Michael Mann has a gift for the lengthy crime epic. The fun of watching Mann when he spreads out nearly three hours of action is how graceful it all is at times. With his latest, Public Enemies, he undercuts this beauty somewhat with the use of hi definition digital video. The form, in this case, obscures the message, and it obscures the art. It is interesting but, in the end, it has a feel of a really well done (REALLY well done) YouTube video. Have you ever seen the clips and shorts some filmmakers put on YouTube?

To this end, Public Enemies is great and greatly flawed. That doesn’t mean it shouldn’t be seen but it does mean that digital video still hasn’t quite replaced, nor should it replace, 35mm film. There is another significant problem with the film and that is that, beyond the desire to explore gangster John Dillinger’s life, and death, what is the point of this very long (REALLY well done) film?

Johnny Depp plays Dillinger and captures that look we’ve all seen on old crime photos. It’s that pencil-moustached half sneer, a requisite for all 1930’s Depression-area gangsters. Depp nails the sneer – as to the rest of his portrayal of Dillinger, it breaks new ground for Depp as an actor in that he isn’t playing so much of a cartoon, nor a sad sack. He is a formidable badass, comfortable with his Alpha Male status and seems to finally own his manhood.

In the film, Dillinger and his gang escape from prison, rob banks and all the while Dillinger is looking for love. He finds it in Billie (Marion Cotillard), a “dark beauty” who needs someone like Dillinger to come along and rescue her from her pointless life. Like every great moll, Billie wears a $3 dress and works odd jobs until she meets up with a gun-carrying outlaw who automatically gives her life purpose. With that comes excitement, money, and inevitably, death and prison. Perhaps infamy?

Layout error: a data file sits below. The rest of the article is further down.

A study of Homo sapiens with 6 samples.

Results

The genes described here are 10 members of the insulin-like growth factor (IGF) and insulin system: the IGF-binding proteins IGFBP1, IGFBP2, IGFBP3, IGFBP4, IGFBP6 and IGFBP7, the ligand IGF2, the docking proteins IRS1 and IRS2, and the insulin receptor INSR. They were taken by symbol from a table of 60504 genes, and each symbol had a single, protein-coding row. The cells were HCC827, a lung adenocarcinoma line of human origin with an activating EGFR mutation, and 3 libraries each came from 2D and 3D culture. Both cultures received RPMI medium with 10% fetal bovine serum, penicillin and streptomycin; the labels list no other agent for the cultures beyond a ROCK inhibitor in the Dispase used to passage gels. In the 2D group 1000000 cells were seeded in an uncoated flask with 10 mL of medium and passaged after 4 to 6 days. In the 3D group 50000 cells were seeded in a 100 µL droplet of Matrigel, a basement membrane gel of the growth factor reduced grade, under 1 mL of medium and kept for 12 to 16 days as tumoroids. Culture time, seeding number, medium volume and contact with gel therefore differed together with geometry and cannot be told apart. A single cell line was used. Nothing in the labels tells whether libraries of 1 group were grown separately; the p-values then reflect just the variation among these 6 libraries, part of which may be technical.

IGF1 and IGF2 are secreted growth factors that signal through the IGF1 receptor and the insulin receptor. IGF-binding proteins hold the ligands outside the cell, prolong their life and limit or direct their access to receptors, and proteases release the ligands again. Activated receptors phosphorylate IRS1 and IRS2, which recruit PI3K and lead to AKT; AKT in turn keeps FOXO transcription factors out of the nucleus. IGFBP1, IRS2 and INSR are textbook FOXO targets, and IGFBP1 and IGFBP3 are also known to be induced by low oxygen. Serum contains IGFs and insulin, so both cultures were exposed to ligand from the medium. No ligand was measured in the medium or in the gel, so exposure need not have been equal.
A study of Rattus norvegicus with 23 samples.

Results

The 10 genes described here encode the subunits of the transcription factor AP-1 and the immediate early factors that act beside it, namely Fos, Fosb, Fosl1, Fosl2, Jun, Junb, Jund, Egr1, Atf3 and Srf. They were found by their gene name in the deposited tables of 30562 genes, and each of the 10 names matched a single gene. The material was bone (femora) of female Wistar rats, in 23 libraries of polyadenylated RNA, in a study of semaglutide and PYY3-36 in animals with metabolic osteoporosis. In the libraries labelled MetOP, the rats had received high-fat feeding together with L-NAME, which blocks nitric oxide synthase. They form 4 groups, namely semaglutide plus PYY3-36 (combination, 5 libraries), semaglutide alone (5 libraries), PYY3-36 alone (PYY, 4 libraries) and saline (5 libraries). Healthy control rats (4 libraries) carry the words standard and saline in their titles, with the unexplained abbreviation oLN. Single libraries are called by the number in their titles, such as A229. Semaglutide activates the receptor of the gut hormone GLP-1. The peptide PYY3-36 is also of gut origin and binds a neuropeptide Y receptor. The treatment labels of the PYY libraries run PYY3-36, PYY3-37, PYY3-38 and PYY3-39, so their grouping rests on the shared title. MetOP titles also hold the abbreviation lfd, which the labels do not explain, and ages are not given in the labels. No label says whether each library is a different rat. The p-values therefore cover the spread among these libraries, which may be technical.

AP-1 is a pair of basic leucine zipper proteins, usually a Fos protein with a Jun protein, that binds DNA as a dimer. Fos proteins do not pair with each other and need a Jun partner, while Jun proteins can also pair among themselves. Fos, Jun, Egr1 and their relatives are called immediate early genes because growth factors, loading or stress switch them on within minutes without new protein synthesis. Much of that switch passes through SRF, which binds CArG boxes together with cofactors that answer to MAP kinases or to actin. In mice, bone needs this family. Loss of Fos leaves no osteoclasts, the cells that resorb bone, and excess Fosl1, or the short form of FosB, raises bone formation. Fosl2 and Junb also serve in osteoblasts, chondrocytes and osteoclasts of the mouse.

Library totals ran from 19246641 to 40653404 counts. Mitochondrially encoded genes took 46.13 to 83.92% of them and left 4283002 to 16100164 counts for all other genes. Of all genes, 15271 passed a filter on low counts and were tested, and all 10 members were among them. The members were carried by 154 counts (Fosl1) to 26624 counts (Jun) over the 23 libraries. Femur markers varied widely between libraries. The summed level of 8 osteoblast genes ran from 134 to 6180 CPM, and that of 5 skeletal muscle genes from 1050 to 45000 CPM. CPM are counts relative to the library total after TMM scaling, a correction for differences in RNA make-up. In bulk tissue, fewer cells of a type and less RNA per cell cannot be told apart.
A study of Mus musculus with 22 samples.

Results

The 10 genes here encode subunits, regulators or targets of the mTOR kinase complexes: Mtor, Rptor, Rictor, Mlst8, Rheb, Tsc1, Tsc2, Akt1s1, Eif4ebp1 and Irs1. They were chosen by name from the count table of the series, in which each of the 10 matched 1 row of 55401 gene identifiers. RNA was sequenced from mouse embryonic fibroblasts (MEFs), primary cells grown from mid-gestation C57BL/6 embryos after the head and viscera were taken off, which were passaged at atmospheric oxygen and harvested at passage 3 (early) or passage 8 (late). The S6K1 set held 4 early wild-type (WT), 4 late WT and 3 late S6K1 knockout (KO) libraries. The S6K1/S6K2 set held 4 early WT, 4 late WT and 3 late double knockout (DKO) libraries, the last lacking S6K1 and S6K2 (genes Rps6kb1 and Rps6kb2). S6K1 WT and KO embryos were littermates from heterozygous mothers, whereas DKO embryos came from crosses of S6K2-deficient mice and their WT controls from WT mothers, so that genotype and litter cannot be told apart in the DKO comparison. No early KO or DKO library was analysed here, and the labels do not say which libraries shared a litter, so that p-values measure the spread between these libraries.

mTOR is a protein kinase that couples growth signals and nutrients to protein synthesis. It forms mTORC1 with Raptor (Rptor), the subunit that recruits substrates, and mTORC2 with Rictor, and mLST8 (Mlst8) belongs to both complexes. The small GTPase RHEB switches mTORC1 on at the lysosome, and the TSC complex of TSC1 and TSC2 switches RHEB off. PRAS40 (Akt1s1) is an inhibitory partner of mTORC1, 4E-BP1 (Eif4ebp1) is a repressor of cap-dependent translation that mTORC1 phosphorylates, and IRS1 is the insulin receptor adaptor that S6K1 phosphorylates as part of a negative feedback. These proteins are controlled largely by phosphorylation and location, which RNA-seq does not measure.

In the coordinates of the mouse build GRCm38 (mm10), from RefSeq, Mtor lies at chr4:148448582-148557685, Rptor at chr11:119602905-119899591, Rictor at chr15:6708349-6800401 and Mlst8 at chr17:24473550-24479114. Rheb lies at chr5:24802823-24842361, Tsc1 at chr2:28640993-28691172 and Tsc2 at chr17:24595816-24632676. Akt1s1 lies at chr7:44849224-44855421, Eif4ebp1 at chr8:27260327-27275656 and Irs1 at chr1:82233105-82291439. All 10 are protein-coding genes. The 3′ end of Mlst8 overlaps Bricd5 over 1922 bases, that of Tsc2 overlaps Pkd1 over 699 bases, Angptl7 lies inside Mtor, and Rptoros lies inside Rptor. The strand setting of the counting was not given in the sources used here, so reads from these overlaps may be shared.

Cotillard is like a butterfly trapped in a jar. She flutters and looks like she could escape at any moment if given the chance. But she is also so delicate, just touching her could dissolve her wings and render her unable to take flight. Her English has gotten better since she won her Oscar but she’s not meant to play supporting characters; she needs to be a burning bush in the center of the film, a la Edith Piaf.

The art direction and costumes are solid, though none of it feels authentic when the digital video becomes obvious, as it does in a few moments throughout the film. It is distracting and ultimately distancing. You’re wondering why in the world what you’re watching looks so weird.

The reason to see the film is Mann’s camera’s eye. He choreographs his action sequences like an intricate ballet. His close-ups are great, particularly on Christian Bale who once again turns in a brilliant performance. It’s a long sit, however, so don’t be in a rush getting anywhere if you decide to take the plunge.